Gardening Magazine

Vitex Negundo

By Davis Landscape Architecture @DavisLandArch

Vitex negundo (28/09/2014, Kew Gardens, London)

Vitex negundo (28/09/2014, Kew Gardens, London)

Position: Full sun

Flowering period: Summer to early autumn

Soil: Moist, well drained

Eventual Height: 5m

Eventual Spread: 5m

Hardiness: 6b, 7a, 7b, 8a, 8b, 9a, 9b

Family: Lamiaceae

Vitex negundo is a deciduous shrub with an upright habit. Its mid green leaves are digitate with up to five leaflets, up to 18cm across and 15cm long. Its leaflets are lanceolate with serrate margins, up to 10cm long and 3cm broad. Its bark is red/ brown . Its fragrant white to blue flowers are borne in panicles which are up to 20cm long. Its black/ purple fruit is an egg shaped drupe which is up to 4mm across.

Vitex negundo Flower (28/09/2014, Kew Gardens, London)

Vitex negundo Flower (28/09/2014, Kew Gardens, London)

Vitex negundo, commonly known as Five Leafed Chaste Tree or Chastetree, is native to tropical east and south Africa and Asia, including the Philippines. In its native habitat it grows in grassland, thickets and mixed open forest.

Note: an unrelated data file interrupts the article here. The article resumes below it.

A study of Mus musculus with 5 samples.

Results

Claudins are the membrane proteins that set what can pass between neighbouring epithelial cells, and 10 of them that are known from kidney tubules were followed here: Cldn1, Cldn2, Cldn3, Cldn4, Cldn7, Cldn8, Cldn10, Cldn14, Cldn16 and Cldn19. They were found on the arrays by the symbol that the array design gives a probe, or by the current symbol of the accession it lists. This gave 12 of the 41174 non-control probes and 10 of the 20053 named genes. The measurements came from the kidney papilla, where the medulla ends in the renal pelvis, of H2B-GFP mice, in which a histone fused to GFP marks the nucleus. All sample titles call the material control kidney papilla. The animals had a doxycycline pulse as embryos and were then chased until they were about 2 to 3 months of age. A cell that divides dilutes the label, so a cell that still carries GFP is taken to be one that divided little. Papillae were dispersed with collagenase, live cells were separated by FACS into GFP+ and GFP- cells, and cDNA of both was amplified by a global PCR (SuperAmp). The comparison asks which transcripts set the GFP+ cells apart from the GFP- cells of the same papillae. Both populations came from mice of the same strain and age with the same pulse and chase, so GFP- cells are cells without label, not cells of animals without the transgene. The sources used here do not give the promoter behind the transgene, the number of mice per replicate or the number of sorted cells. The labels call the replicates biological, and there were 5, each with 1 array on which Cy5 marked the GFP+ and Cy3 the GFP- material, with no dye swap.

The etymological root of the binomial name Vitex is the name given to this plant by Pliny. Negundo is derived from the Sanskrit meaning ‘a tree with leaves like a Box Elder’.

The landscape architect may find Vitex negundo useful as a fragrant flowering shrub with attractive leaves.

Vitex negundo Leaf (28/09/2014, Kew Gardens, London)

Vitex negundo Leaf (28/09/2014, Kew Gardens, London)

Ecologically, Vitex negundo flowers are attractive to pollinating insects.

Vitex negundo prefers moist, fertile, well-drained soils. It tolerates most pH of soil. It dislikes wet soils. It will tolerate poor soils.

Vitex negundo requires little maintenance. If required this shrub may be stooled on an annual basis to maintain a compact habit.